Orlando brothers plead guilty to federal fraud charges
- Published: Oct 6, 2019, 10 AM
Two Orlando, Florida, brothers pleaded guilty Oct. 2 to federal charges that they defrauded customers out of more than $7 million over a five-year period.
Salvatore Esposito, 47, and his younger brother, Joseph Esposito, 43, principals in U.S. Coin Bullion LLC in Orlando, each entered guilty pleas in U.S. District Court for the Middle District of Florida in Orlando before U.S. Magistrate Judge Daniel C. Irick to conspiracy to commit wire fraud and mail fraud.
The Espositos each face up to a maximum of 20 years in federal prison and fines of up to $250,000. No sentencing date is yet scheduled.
According to court documents, the Espositos operated U.S. Coin Bullion LLC beginning in 2012.
The conspiracy alleged in the court documents was executed between 2014 and July 2019.
According to court documents, “the Espositos engaged in a conspiracy to defraud U.S. Coin Bullion’s customers.
“Instead of using the customers’ funds to purchase precious metals as had been promised, the Espositos caused U.S. Coin Bullion to use customer funds to pay other customers, to pay commissions and other business expenses, and to purchase silver for the company itself.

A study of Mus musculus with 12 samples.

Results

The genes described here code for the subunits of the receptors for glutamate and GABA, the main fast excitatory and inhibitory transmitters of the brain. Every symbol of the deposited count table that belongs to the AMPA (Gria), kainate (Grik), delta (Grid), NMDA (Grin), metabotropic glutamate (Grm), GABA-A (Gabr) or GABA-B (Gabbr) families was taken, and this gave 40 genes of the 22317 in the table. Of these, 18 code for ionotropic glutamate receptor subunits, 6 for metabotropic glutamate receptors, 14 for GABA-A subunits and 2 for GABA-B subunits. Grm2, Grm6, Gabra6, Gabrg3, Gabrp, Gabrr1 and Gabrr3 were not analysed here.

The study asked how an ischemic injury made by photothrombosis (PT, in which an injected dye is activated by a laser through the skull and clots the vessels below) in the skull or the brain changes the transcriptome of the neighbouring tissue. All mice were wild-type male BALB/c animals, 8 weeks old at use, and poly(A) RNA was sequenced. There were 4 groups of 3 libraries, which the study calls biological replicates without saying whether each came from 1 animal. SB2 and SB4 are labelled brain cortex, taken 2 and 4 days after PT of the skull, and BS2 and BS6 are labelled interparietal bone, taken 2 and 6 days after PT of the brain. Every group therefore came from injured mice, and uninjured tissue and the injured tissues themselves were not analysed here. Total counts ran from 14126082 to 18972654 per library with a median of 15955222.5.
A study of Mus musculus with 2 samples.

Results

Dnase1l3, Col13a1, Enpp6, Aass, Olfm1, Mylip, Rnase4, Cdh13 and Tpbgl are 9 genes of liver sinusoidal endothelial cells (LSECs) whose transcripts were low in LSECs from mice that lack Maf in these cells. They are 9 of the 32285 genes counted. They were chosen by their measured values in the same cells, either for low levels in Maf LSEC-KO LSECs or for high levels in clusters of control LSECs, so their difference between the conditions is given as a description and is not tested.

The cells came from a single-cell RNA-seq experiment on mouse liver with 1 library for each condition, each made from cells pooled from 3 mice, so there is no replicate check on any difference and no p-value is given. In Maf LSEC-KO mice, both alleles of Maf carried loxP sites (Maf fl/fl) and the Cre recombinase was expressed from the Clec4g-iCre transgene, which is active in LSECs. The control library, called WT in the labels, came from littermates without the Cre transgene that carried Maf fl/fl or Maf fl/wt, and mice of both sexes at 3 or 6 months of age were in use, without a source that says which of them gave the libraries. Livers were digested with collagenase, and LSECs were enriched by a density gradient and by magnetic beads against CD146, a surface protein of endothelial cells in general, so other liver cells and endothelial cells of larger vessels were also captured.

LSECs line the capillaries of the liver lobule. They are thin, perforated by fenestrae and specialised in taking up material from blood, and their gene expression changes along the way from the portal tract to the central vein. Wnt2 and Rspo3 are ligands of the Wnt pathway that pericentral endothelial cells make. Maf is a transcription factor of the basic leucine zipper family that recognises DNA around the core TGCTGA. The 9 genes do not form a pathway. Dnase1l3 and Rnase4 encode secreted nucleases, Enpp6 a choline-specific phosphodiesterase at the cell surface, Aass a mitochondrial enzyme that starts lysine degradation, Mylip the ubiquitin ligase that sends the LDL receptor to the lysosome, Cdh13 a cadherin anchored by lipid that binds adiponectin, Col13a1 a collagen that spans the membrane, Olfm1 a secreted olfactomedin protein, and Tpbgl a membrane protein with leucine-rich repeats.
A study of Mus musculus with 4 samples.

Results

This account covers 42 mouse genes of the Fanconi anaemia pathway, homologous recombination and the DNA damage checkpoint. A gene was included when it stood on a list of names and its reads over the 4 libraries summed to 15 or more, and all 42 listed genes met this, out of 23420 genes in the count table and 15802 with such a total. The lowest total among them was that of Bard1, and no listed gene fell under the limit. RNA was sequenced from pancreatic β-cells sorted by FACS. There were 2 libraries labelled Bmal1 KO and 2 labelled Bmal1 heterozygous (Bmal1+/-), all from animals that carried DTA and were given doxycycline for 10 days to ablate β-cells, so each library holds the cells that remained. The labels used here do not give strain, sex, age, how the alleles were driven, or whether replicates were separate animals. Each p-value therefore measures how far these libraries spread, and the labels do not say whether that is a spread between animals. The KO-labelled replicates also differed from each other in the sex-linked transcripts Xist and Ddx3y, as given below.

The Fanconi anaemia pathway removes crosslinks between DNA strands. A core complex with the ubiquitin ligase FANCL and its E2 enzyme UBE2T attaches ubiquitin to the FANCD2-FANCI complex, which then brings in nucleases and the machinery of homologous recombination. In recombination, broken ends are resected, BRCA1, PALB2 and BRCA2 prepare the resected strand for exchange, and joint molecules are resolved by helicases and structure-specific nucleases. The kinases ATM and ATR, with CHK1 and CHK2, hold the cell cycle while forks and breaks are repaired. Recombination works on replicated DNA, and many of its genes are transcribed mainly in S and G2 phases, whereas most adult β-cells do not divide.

“U.S. Coin Bullion used its customers’ funds to purchase silver on ‘margin,’ or ‘leverage,’ by which it acquired an interest in the silver by paying only a portion of its full price.
“The company took out loans to purchase the silver on margin and then used more customer funds to pay the interest associated with those loans, as well as storage fees for the silver. And, because it was buying on margin, U.S. Coin Bullion was subject to ‘margin calls’; if the market price for silver declined, the company might immediately have to deposit more (customer) funds into its accounts to maintain its interest in the silver.
“By at least 2016, [U.S. Coin Bullion] was regularly using its customers’ funds to buy millions of dollars worth of silver. When the price for silver fell from more than $35 an ounce (in 2012) to less than $15 an ounce during the conspiracy, the company experienced massive losses and had to spend customer funds due to margin calls.”
To cover up the fraud, the Espositos, according to the federal court documents, provided customers with false account statements.
The U.S. Secret Service, to date, has identified more than 120 victims who have been defrauded as a result of the Espositos’ conspiracy, with total losses of over $7.9 million.